The Net Unrealised Profit/Loss (or NUPL for short) indicator is the difference between relative unrealized profit and relative unrealized loss. The indicator tells us how much of bitcoin’s circulating supply is at any given point in time in profit or loss - and by how much.
To create the NUPL indicator, we need to know three things:
- The number of current UTXOs that are in profit,
- The number of current UTXOs that are at a loss, and
- The unrealised profit (or loss), which is calculated by taking the difference between the current price and the price at the time the bitcoin last moved.
Unrealised profits and losses are normalised by market capitalisation to reveal patterns at each stage of the market cycle. Then the delta of each curve (unrealised profit and unrealised loss) is then used to calculate the NUPL indicator.
Arbitrary thresholds are then set at 0.00, 0.25, 0.50, and 0.75, where these thresholds have historically captured shifts in investor sentiment. When a high proportion of bitcoin’s market capitalisation consists of unrealised profits, investors are considered greedy. Whenever NUPL has exceeded 0.75, it has corresponded with euphoria and greed in the market, aligning with five market tops in bitcoin’s price history.
Conversely, when a high proportion of bitcoin’s market capitalisation consists of unrealised losses, investors are considered fearful and this occurs whenever the NUPL has been below 0.00.
We can derive the NUPL indicator with market capitalisation and realised capitalisation using the following formula:
(Market Capitalisation — Realised Capitalisation) / Market Capitalisation
Bitcoin’s NUPL is illustrated in the chart below, so you can see how the indicator identifies different phases of each market cycle. You can calculate the NUPL indicator with freely available data with the formula using market capitalisation and realised capitalisation.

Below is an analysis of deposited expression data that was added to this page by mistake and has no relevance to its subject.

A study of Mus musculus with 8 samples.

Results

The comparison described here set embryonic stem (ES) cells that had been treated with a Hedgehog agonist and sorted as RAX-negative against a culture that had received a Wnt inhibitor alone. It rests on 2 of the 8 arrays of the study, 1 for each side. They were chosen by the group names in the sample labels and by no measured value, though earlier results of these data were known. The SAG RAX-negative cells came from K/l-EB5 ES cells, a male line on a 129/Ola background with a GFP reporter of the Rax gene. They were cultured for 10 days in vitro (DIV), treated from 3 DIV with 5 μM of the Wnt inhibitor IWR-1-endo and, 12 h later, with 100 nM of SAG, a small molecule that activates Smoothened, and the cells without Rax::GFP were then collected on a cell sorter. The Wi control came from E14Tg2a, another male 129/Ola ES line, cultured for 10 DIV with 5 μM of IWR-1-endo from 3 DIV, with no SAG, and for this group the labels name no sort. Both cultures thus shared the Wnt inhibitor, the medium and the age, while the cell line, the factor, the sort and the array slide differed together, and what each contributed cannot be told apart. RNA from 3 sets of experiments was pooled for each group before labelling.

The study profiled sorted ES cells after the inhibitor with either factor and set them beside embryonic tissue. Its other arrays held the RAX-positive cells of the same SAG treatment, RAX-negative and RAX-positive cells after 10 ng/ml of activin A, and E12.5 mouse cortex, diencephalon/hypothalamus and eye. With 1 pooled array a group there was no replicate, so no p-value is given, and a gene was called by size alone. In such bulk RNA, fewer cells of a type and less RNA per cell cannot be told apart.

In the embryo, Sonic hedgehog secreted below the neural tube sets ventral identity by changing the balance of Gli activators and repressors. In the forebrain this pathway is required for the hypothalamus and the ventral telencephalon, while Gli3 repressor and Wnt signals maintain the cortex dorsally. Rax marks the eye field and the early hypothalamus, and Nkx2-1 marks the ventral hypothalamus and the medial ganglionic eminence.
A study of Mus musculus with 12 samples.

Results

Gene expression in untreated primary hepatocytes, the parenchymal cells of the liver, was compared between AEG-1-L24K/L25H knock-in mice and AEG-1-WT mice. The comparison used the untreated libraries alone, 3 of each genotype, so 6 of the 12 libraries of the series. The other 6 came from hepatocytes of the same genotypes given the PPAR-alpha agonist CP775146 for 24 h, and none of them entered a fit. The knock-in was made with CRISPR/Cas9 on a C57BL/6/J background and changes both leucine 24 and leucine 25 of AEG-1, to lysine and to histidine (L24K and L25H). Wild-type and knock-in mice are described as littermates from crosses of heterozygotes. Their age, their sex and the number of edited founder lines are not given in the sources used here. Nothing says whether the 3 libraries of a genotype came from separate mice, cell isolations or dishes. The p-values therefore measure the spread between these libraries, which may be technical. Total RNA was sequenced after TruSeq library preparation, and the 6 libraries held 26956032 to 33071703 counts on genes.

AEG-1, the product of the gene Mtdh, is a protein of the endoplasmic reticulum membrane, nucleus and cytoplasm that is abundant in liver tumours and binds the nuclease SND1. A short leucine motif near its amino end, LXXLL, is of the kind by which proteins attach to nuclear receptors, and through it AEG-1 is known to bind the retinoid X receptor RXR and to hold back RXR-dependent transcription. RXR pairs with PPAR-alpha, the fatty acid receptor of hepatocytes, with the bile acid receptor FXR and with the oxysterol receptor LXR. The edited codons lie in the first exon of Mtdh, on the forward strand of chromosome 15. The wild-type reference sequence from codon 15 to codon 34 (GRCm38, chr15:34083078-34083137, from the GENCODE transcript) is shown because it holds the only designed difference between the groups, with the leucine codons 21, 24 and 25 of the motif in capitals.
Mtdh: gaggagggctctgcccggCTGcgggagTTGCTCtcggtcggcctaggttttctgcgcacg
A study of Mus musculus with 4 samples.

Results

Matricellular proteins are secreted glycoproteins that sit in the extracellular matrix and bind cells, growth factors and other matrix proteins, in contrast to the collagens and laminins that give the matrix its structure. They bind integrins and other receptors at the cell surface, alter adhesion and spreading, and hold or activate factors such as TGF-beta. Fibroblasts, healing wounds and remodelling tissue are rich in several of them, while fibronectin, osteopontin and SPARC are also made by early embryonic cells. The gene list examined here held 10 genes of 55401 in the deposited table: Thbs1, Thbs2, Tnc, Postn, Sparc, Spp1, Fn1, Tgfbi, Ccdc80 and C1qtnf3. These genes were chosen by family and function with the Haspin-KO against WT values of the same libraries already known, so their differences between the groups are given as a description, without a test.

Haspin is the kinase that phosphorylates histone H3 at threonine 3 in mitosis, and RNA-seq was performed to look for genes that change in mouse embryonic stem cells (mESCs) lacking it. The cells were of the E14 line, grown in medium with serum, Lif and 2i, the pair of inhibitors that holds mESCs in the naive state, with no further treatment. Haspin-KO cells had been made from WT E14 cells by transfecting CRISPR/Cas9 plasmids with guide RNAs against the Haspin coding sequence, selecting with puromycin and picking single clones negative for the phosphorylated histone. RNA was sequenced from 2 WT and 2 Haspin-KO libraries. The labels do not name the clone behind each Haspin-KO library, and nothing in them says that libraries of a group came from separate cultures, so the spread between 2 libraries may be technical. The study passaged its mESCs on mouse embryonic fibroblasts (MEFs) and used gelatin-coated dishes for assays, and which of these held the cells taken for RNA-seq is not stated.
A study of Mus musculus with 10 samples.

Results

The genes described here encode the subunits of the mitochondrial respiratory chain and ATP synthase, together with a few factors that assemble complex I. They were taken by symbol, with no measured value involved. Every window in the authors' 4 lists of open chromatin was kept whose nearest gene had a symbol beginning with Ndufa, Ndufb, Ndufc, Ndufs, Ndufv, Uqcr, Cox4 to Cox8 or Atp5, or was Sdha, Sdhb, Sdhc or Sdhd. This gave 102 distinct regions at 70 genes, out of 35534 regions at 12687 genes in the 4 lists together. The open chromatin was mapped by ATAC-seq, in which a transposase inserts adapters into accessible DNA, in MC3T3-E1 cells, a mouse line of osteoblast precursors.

By identifying which stage of the market cycle we are currently in, the NUPL indicator can help traders to set entries and identify exit points. For instance, a trader may want to go long on bitcoin when the NUPL indicator suggests that a move from the capitulation phase to the hope-fear phase is completed, and then to take profits once the market enters the belief-denial phase.
The chart above shows we are currently in the hope-fear phase, after entering the capitulation phase in the middle of March. A trader could wait for the market to enter the optimism-anxiety phase (NUPL > 0.25) to go long on bitcoin and take profit once NUPL reaches 0.50 or above.
The weakness of the NUPL indicator, as with all on-chain metrics, is that bitcoins transacted off-chain are not accounted for and therefore is an incomplete picture of profits and losses. Nevertheless, the NUPL indicator has been accurate since 2010 in identifying market tops, and to a lesser extent, bottoms.